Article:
5 Top Spam Myths that Still Haven’t Changed

Written by Paul Cunningham on July 29, 2010

I’ve been dealing with spam for a long time now, and even though we see changes every year in the major threats and new techniques that spammers come up with, one of the things that never seems to change are the myths about spam that people still cling to.

Here are a few of my favourites.

Spam Isn’t a Problem Anymore

Every now and then a journalist will write a column declaring that spam is no longer a problem for the internet.  Their argument is usually based on their own individual experience, and usually includes a description of a complex series of forwarding addresses through multiple services and add-ons before a message actually arrives in their inbox.

Then they add a caveat like “And for the handful that do slip through…”

Unfortunately for businesses a complex solution that can’t scale is no option at all, especially one that still lets the spam through despite all that effort.

I Don’t Give Out My Email Address

This myth usually lasts as long as it takes for the first spam email to arrive at that email address, which is quickly followed by shock and outrage (and wild accusations that their ISP “sold” the address to a spammer).

The only type of email address that will never receive spam is the one that doesn’t exist at all.  No matter how diligently you work to keep your email address private there are multitudes of ways in which it can still end up getting spammed, such as malware on your computer, someone else disclosing it inadvertently, or various attacks where spammers discover the address through dictionary guesses, brute force, or directory harvesting.

The 100% Effective Anti-Spam Technique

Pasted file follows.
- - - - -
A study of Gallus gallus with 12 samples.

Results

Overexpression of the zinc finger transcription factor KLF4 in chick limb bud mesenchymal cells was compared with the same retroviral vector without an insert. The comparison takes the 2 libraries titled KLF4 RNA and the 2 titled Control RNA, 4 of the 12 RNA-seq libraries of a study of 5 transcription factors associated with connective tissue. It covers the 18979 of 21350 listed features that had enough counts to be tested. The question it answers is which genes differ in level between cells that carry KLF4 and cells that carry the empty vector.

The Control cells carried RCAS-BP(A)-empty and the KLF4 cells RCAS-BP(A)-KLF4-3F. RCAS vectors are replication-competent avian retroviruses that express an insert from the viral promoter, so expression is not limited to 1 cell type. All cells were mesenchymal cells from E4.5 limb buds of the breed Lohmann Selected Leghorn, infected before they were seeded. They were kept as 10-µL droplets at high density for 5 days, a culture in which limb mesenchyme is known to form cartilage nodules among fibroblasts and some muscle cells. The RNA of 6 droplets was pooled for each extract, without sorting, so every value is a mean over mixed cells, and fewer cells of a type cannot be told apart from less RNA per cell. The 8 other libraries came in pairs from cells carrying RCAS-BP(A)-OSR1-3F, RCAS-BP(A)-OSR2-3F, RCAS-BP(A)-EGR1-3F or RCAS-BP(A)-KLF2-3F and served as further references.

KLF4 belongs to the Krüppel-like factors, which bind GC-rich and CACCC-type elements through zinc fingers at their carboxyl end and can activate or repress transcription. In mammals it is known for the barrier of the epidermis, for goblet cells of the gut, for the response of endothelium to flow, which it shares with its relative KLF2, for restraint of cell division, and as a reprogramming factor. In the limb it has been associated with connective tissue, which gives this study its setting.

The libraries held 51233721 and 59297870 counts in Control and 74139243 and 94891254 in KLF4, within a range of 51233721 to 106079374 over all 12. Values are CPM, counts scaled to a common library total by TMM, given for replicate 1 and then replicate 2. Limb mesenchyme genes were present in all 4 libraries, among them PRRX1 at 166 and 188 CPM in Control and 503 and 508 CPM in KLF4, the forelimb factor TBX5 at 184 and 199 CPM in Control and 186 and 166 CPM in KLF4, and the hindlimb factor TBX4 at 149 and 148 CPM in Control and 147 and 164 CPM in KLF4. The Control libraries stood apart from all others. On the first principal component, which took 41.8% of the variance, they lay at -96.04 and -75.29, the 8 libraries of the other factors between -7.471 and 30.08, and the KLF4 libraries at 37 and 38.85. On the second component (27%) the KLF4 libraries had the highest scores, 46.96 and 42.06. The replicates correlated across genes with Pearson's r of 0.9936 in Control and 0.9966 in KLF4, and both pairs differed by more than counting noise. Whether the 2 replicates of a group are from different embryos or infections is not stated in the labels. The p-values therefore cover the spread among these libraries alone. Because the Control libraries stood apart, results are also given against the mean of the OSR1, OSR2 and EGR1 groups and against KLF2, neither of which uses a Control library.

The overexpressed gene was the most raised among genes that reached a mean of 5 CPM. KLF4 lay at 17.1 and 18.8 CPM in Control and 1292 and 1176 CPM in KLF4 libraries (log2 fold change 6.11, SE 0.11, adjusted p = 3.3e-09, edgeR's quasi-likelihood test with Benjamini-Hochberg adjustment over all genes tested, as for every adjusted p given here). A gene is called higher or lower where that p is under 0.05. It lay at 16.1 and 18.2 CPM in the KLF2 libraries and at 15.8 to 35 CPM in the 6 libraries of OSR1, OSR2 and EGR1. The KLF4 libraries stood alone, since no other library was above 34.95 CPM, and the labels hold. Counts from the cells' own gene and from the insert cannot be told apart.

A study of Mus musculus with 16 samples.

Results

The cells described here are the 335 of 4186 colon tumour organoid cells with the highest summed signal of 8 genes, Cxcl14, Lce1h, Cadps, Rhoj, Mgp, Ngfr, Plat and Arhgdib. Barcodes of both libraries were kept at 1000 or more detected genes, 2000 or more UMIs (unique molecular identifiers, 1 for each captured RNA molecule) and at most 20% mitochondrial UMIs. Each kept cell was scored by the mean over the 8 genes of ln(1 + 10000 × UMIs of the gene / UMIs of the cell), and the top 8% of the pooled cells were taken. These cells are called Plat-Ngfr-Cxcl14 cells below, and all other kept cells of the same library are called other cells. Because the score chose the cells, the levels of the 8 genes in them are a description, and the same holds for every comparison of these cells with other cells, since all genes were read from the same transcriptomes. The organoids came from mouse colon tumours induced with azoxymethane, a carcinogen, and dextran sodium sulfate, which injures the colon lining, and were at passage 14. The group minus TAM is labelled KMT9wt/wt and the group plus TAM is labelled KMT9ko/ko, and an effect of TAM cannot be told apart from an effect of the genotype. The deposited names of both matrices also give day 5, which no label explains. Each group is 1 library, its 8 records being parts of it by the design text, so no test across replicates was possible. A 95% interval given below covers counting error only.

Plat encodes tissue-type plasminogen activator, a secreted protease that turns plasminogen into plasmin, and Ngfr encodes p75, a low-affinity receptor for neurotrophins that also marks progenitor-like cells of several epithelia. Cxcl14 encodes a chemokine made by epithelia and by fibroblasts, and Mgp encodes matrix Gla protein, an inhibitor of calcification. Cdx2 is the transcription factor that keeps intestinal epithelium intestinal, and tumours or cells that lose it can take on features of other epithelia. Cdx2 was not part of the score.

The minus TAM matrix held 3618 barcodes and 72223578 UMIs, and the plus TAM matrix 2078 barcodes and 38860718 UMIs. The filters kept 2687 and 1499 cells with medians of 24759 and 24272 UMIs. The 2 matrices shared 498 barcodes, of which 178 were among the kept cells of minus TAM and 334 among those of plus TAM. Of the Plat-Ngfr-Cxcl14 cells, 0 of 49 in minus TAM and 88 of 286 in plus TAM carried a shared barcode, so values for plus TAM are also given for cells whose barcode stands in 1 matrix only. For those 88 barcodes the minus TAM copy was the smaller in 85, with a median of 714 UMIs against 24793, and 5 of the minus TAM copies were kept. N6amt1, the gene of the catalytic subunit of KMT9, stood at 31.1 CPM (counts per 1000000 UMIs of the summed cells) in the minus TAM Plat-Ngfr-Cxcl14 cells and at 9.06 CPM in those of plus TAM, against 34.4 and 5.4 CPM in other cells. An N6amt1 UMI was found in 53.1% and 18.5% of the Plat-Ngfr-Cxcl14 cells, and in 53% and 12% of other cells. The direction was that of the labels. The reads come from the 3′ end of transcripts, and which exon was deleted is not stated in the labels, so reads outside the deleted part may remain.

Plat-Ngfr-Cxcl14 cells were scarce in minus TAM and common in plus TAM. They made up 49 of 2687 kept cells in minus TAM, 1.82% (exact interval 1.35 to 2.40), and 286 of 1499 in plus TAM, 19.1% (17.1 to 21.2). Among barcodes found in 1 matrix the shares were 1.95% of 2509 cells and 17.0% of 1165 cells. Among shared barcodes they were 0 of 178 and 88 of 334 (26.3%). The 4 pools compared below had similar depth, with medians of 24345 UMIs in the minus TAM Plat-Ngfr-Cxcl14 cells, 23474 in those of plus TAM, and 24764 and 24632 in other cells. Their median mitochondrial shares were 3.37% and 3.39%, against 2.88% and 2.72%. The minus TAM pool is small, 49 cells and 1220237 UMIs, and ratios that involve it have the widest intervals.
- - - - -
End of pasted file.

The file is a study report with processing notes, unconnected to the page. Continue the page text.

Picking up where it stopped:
If I had a dollar for every time I heard “Nobody would get any spam if we all just…” I’d be retired on the beach by now.  The anti-spam silver bullet doesn’t exist.  Grey listing, fake MX records, and challenge-response systems are often touted as the ultimate solution to spam, but each has flaws either in practicality, scalability, or long term effectiveness (if we all start using the same “perfect” trick, spammers will just find another way).

Anti-Spam Shouldn’t Cost Money

I can only assume this springs up from some kind of resentment over paying for solutions to a problem you didn’t cause, but then again isn’t that the case with most problems?

At any rate, some of my peers in IT opt for a home brew anti-spam solution that bolts together various free components into one overall solution.  Unfortunately for the masses this approach isn’t always possible, because any anti-spam solution is a trade-off between performance, effectiveness, administrative effort, and cost.  Particularly in medium to large environments if you take away the costs and you are most certainly either sacrificing performance or effectiveness, or increasing the amount of administrative effort involved.

There is a reason the anti-spam industry is as commercially successful as it is – people will pay for a solution that reduces spam in a cost effective way.

We’ll Never Stop Spam Completely

Despite my rebuttal of the myths above I do honestly believe that one day we’ll stop spam completely.  I understand that this will take a massive shift in the way that businesses think about email as a marketing channel, a genuine focus by online services to stop abuse, and an unprecedented level of cooperation between global legislative and law enforcement bodies, but I think that one day the cost and risk of being a spammer will be so great that it will die off as a threat to our businesses and way of life.

Comments

Dylan July 30, 2010

I’m not sure that last point is a myth. We might eventually eliminate email spam when a newer, shinier, better medium for spam supplants it. And even then, maybe not. We’re already starting to see spam on social networks like facebook and twitter, but our mailboxes are still stuffed every day with physical spam.